Former President George W. Bush was greeted by thunderous applause on the Fourth of July as he told thousands of spectators in a rural Oklahoma rodeo arena that the U.S. was “the greatest nation on the face of the earth.”
Bush was given six standing ovations as he spoke in GOP-friendly Woodward, a town of about 12,000 residents in northwestern Oklahoma.
About 9,200 tickets were sold for the event -- the biggest crowd for Bush since he left office in January.
Bush spoke of the bravery of injured troops he had met as president, and thanked members of the military for their service. He told the crowd it was nice of them “to give a retired guy something to do.”
The former president has turned up in a handful of out-of-the-way places since he left office, and he surprised city leaders in Woodward by accepting their invitation to speak at festivities celebrating the $25-million renovation of a local park.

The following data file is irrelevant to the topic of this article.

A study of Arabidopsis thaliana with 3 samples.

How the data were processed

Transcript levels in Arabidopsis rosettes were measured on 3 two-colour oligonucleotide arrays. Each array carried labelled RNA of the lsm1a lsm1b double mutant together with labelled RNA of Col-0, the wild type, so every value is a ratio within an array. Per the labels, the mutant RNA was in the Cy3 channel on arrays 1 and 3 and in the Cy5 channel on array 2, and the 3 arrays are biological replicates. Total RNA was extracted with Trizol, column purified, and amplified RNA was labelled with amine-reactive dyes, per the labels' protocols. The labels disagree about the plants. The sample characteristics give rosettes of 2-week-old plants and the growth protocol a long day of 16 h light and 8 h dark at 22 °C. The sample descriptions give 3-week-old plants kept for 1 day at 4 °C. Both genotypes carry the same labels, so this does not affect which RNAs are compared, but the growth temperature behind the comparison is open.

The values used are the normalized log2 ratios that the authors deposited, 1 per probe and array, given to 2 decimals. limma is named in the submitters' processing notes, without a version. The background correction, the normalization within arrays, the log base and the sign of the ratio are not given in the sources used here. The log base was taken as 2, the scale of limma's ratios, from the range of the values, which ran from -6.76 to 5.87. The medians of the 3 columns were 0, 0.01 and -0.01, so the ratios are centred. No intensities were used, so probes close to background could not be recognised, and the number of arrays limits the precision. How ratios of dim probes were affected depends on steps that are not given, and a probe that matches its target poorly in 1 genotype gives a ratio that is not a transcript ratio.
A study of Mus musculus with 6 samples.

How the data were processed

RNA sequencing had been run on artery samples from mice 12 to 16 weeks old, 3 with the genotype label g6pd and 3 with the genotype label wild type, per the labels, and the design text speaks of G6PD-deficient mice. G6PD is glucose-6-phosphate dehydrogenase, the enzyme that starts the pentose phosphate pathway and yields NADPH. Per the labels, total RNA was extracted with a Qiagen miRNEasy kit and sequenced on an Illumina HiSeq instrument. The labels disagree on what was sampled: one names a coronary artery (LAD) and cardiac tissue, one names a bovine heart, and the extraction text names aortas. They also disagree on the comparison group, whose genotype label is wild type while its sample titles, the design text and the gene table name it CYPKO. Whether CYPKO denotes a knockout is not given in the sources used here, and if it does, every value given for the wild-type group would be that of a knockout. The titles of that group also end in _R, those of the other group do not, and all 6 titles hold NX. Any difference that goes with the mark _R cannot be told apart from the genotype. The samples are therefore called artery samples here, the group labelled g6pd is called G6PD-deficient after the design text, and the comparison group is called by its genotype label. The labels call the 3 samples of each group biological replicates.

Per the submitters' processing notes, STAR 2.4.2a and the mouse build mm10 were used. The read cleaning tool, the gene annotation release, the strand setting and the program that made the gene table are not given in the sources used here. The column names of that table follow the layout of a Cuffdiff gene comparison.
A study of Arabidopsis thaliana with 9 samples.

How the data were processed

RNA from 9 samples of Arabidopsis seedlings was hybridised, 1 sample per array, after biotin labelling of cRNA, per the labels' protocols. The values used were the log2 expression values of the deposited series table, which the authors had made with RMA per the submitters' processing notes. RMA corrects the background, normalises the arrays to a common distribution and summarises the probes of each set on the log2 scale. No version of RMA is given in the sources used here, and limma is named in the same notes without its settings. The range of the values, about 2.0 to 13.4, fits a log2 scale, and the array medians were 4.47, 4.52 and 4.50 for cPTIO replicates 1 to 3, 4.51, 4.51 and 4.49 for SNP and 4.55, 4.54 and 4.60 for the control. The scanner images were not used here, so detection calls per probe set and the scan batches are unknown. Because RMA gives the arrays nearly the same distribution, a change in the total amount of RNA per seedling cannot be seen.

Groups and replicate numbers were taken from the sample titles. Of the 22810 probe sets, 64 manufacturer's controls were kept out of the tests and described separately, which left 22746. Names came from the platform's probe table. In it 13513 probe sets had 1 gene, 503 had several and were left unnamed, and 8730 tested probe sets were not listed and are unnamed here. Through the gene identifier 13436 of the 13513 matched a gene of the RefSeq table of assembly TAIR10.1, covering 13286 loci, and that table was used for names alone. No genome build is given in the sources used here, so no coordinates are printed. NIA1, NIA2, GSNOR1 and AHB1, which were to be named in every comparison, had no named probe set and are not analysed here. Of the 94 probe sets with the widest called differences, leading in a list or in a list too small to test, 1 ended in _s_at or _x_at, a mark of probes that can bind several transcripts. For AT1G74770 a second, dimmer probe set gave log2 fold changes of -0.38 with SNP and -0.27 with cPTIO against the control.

Woodward is friendly territory for Bush, who visited the town two decades ago while campaigning for his father’s presidential bid.
Oklahoma hasn’t voted for a Democratic presidential candidate since 1964, and was the only state in 2008 in which every county voted for the GOP candidate, Sen. John McCain of Arizona.
In 2004, Bush won 80.9% of the vote in Woodward County as he defeated Democratic challenger John F. Kerry.
Bush’s principles ring true in Oklahoma, said Kris Day, who owns the Cowboy’s Tack Shop with her husband, Neal.
“We’re conservative,” she said. “We don’t spend money we don’t have.”
It was reportedly the first presidential visit to Woodward since the 1950s, when Dwight D. Eisenhower landed at the airport outside town en route to view local drought damage.